Back in June of 2020, the EU’s European Commission announced that it was opening two antitrust investigations into Apple. Now, the Commission has officially accused the Cupertino-headquartered company of distorting “competition in the music streaming market as it abused its dominant position for the distribution of music streaming apps through its App Store.”
The European Commission’s antitrust inquiry into the Apple App Store – and specifically the 30 percent commission that the iPhone maker charges third parties on digital-content sales – came to light in June of 2020 and resulted from a formal complaint levied by Stockholm-based Spotify (as well as Rakuten-owned Kobo) in March of 2019.
As an aside, the second inquiry, though similar to the first, was set in motion by a preliminary investigation conducted by EU higher-ups and centers largely on Apple Pay, which officials are concerned “may distort competition and reduce choice and innovation” in the market.
In a testament to the highly charged nature of the underlying dispute, Spotify CEO Daniel Ek publicly acknowledged his company’s antitrust complaint against Apple in a blog post, while Spotify launched a standalone website, “Time to Play Fair,” that explained its qualms in detail. Apple then fired back with a different blog post yet.
Additionally, reports in early March of this year suggested that the European Union – which has fined Google a staggering $10 billion to date – was preparing to issue Apple a “Statement of Objections,” and the company’s separate (and similarly high-profile) courtroom confrontation with Fortnite owner Epic Games will go to trial next week.
In terms of the Statement of Objections that the European Commission forwarded to Apple today, the EU executive branch “takes issue with the mandatory use of Apple’s own in-app purchase mechanism imposed on music streaming app developers to distribute their apps via Apple’s App Store.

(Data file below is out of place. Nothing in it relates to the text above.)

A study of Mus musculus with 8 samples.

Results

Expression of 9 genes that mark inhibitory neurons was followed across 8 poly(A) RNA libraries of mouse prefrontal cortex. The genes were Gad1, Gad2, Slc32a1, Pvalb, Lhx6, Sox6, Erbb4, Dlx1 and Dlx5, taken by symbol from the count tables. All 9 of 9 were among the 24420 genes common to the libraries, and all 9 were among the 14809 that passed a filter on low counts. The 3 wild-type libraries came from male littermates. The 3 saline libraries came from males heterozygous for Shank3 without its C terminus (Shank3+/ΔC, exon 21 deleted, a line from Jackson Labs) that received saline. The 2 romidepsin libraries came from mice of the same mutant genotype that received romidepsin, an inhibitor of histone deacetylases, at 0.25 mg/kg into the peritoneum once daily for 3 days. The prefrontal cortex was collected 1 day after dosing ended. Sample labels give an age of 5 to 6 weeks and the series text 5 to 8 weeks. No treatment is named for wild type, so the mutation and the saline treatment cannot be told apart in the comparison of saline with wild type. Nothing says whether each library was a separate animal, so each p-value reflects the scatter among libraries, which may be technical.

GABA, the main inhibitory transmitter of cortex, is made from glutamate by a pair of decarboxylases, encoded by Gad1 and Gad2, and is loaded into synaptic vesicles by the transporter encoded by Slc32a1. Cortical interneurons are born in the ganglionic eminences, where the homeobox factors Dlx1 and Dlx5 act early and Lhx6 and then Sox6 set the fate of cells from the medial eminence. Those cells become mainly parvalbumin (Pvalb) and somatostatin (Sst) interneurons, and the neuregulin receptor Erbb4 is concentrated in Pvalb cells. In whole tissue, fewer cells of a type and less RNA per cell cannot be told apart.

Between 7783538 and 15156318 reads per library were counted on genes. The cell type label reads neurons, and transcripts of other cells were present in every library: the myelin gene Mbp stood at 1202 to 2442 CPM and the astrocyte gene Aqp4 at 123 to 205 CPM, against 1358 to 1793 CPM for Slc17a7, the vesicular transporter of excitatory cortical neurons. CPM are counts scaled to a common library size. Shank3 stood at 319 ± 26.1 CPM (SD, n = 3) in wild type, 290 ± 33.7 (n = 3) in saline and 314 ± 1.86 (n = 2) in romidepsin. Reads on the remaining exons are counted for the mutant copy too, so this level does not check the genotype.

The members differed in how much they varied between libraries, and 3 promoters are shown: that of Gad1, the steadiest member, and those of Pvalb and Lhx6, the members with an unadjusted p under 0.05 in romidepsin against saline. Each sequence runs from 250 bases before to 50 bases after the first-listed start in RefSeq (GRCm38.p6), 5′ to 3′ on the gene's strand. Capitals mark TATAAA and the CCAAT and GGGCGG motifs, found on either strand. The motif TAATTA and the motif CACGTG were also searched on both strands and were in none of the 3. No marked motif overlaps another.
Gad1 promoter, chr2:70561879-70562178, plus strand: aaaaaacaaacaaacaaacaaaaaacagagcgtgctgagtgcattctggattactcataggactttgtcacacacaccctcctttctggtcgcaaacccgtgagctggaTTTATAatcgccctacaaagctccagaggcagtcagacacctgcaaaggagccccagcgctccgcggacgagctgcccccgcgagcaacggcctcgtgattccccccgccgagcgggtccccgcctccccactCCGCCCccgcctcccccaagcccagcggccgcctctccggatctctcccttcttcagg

“The Commission is also concerned that Apple applies certain restrictions on app developers preventing them from informing iPhone and iPad users of alternative, cheaper purchasing possibilities.,” the text continues.
Digging into the specifics of these concerns, the document states that “Apple charges app developers a 30% commission fee on all subscriptions bought through the mandatory IAP” (in-app purchase system), and “most streaming providers passed this fee on to end users by raising prices.”
And on the “alternative purchasing possibilities” front, the message indicates: “While Apple allows users to use music subscriptions purchased elsewhere, its rules prevent developers from informing users about such purchasing possibilities, which are usually cheaper.
“The Commission’s preliminary view is that Apple’s rules distort competition in the market for music streaming services by raising the costs of competing music streaming app developers. This in turn leads to higher prices for consumers for their in-app music subscriptions on iOS devices,” the entity relays towards the text’s end.
Apple addressed the European Union’s antitrust charges in a statement provided to The Verge, noting in part: “Spotify has become the largest music subscription service in the world, and we’re proud for the role we played in that.
“Spotify does not pay Apple any commission on over 99% of their subscribers, and only pays a 15% commission on those remaining subscribers that they acquired through the App Store. At the core of this case is Spotify’s demand they should be able to advertise alternative deals on their iOS app, a practice that no store in the world allows.”
Daniel Ek, who’s expressed interest in purchasing the Arsenal Football Club, promptly weighed in on the development in a tweet, writing: “Today is a big day. Fairness is the key to competition. With the @EU_Commission Statement of Objections, we are one step closer to creating a level playing field, which is so important for the entire ecosystem of European developers.”
Earlier this week, Spotify revealed that it had achieved only modest premium-subscriber growth during the first quarter of 2021, whereas Apple’s quarterly revenue grew by over 50 percent – including a year-over-year earnings increase of almost $8 billion from consumers in Europe.